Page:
Today marks the ten year anniversary of our return to the Catholic faith after spending most of our adult life as devout evangelical Protestants. I have been pondering what to write about for some time knowing this anniversary was approaching. I'm still scratching my head wondering how to summarize our experience of living our lives as Catholic Christians these past ten years. I think it will be easiest to say that it was the best decision, by God's grace, we have ever made for our lives here and beyond.
The graces we have experienced through the sacraments, the intercessions of our new friends- the saints, and the beautiful devotions of Catholic life have truly been life-changing and wonderful.
We have both felt closer to the Lord and have had a desire to share Him with others in a way that we had never experienced as Protestant Christians. As our first pope exhorted the early Church, we too have been more empowered to "sanctify the Lord Christ in our hearts, being ready always to satisfy every one that asketh us a reason of that hope which is in us."
Our growing devotion and love for the saints, especially the one "who all generations will call blessed" has not diminished our love for God, but quite the contrary. Discovering the immeasurable congregation of righteous people interceding for us to run the race with virtue and holiness has been priceless. Studying the lives of those who loved God with all their heart, mind and soul has been such a great joy.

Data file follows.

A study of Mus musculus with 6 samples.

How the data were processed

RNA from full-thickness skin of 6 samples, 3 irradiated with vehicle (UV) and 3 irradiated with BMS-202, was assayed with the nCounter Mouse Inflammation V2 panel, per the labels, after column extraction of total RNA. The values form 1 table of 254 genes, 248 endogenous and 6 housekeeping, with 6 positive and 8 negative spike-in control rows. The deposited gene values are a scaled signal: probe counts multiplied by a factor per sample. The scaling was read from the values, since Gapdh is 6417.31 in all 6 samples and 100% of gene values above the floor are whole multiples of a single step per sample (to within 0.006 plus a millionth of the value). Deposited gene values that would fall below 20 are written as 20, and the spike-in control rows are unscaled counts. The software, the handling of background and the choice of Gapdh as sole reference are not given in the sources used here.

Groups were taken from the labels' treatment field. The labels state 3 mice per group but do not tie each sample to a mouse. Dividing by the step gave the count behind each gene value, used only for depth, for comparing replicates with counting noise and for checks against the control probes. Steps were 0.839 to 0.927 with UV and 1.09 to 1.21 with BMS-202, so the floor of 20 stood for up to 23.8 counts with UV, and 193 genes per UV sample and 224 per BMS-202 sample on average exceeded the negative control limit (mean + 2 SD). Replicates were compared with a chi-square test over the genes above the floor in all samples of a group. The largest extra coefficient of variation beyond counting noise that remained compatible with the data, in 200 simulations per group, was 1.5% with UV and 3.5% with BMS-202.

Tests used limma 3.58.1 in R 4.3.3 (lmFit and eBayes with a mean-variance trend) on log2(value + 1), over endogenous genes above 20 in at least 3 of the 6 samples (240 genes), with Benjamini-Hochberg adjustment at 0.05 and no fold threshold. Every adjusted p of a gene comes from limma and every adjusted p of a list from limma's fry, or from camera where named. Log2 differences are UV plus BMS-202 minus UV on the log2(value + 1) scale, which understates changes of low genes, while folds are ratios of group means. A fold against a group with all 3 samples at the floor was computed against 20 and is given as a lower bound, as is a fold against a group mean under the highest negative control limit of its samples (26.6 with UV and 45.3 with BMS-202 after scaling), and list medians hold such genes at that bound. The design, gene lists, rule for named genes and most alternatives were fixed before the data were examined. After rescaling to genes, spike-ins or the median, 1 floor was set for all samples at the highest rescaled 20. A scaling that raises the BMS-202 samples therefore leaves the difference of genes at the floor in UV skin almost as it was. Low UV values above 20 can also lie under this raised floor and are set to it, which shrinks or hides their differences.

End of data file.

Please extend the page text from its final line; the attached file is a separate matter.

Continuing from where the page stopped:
We are so thankful for the recent opportunity to take a pilgrimage to Italy to pray at the tombs of Saint Peter, Saint Paul, Saint Catherine of Siena, Saint Pio, Saint Francis of Assisi and the newest saints- John the 23rd and Pope John Paul 2. Being in Rome and walking in the steps of so many saints and sinners was overwhelming and affirming at the same time. Seeing the physical and historical evidence of the Church started by Christ himself was truly amazing for us. Learning more about our salvation history by reading almost 2000 years of the writings of the Church fathers, saints, popes, theologians and mystics has helped us develop a profound respect and awe for this Church built upon the one who received the keys from the Lord himself.
Yet, the journey over the past ten years has not been without its difficulties and disappointments. I still grieve over the loss of close friends who simply disappeared "off the radar" of our lives upon hearing of our return to the Church or those who stayed in touch to condemn and criticize us. I am saddened to discover those Catholics within the Church who are essentially still "protestant", criticizing the popes and magisterium sowing discord and distrust in this very Church who Christ promised to always lead in all truth. (This applies to "progressives" as well as to some, not all, of those who would call themselves "traditional Catholics.")
Would I ever go back across the Tiber? No, I would not, I could not. In the words of my much better half: "I could not live without the Sacraments....because they bring me Jesus."